The G7 group of wealthy nations has extended a grant of over $300 million to Vietnam in support of their efforts to reduce coal usage.

G7 Offers Vietnam $300 Million In Grants To Reduce Coal Dependency

The G7 group of wealthy nations has extended a grant of over $300 million to Vietnam in support of their efforts to reduce coal usage, according to documents obtained by Reuters. This financial package constitutes 2% of the overall commitment of $15.5 billion made by G7 countries and partners in December 2022, aimed at aiding Vietnam, a major coal user, in achieving net-zero emissions by 2050.

While Vietnam had sought a significant portion in grants and affordable financing to facilitate the transition from coal-fired power plants to renewable energy sources, donors primarily proposed expensive loans at market rates. This was due to ongoing delays in the country’s power projects.

Donor countries have encountered challenges in climate discussions with other developing partners, as similar initiatives for South Africa and Indonesia have faced hurdles in delivering concrete results.

Vietnam remains dedicated to collaboration and has outlined a draft list of reform commitments and over 400 potential projects that could receive G7 funding. These include 272 ventures related to energy infrastructure like wind and solar farms, power grid enhancements, and battery storage systems.

Before the UN Climate Change Conference commencing on November 30 in Dubai, this list requires approval from international partners who have called for more ambitious regulatory reforms and the inclusion of civil society in climate change decisions.

The authoritarian government of Vietnam has detained five environmental activists over the past two years.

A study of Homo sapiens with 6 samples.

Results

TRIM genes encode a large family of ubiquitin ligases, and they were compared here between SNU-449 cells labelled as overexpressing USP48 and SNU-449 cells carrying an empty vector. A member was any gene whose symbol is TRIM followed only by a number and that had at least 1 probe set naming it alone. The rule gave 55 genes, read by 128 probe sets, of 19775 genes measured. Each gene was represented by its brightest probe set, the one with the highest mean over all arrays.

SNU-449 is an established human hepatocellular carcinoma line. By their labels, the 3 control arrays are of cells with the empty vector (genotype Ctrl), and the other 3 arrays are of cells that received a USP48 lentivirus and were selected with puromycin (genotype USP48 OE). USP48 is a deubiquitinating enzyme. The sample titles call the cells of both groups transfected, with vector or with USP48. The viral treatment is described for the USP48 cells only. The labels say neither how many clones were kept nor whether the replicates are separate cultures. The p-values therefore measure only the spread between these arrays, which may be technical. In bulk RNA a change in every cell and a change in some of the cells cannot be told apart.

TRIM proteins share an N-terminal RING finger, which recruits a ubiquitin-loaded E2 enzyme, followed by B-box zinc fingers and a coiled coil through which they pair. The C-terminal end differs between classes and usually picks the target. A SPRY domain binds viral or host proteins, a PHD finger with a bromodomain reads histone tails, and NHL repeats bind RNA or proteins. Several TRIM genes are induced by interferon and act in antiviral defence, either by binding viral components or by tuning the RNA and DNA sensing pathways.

As of now, the G7 offer, shared with select experts, encompasses $321.5 million in grants, primarily from the European Union and its member states, serving as the principal financial backers.

Additionally, there are $2.7 billion in concessional loans with low interest rates, with a significant portion provided by the EU, Germany, France, and the Asian Development Bank (ADB), along with a smaller contribution from Canada.

While the overall public funding has slightly increased to $8 billion, more than half comprises commercial loans at market rates, which Vietnam has been hesitant to accept, particularly amidst the current global scenario of elevated interest rates.

The remaining $7.5 billion is anticipated to come from private investors in costly loans, contingent on regulatory reforms and the quality of specific projects.

Despite the allocation of grants, some experts caution that the amount may not be sufficient to persuade Vietnam to phase out coal usage entirely. The country estimates it needs around $135 billion until 2030, and a significantly higher amount by mid-century to realize its power generation plans.

Vietnam’s approach envisions an increase in coal-generated energy until 2030, followed by a decline over the subsequent two decades. Coal’s contribution to total power output is anticipated to decrease to 20% in 2030 from 31% in 2020.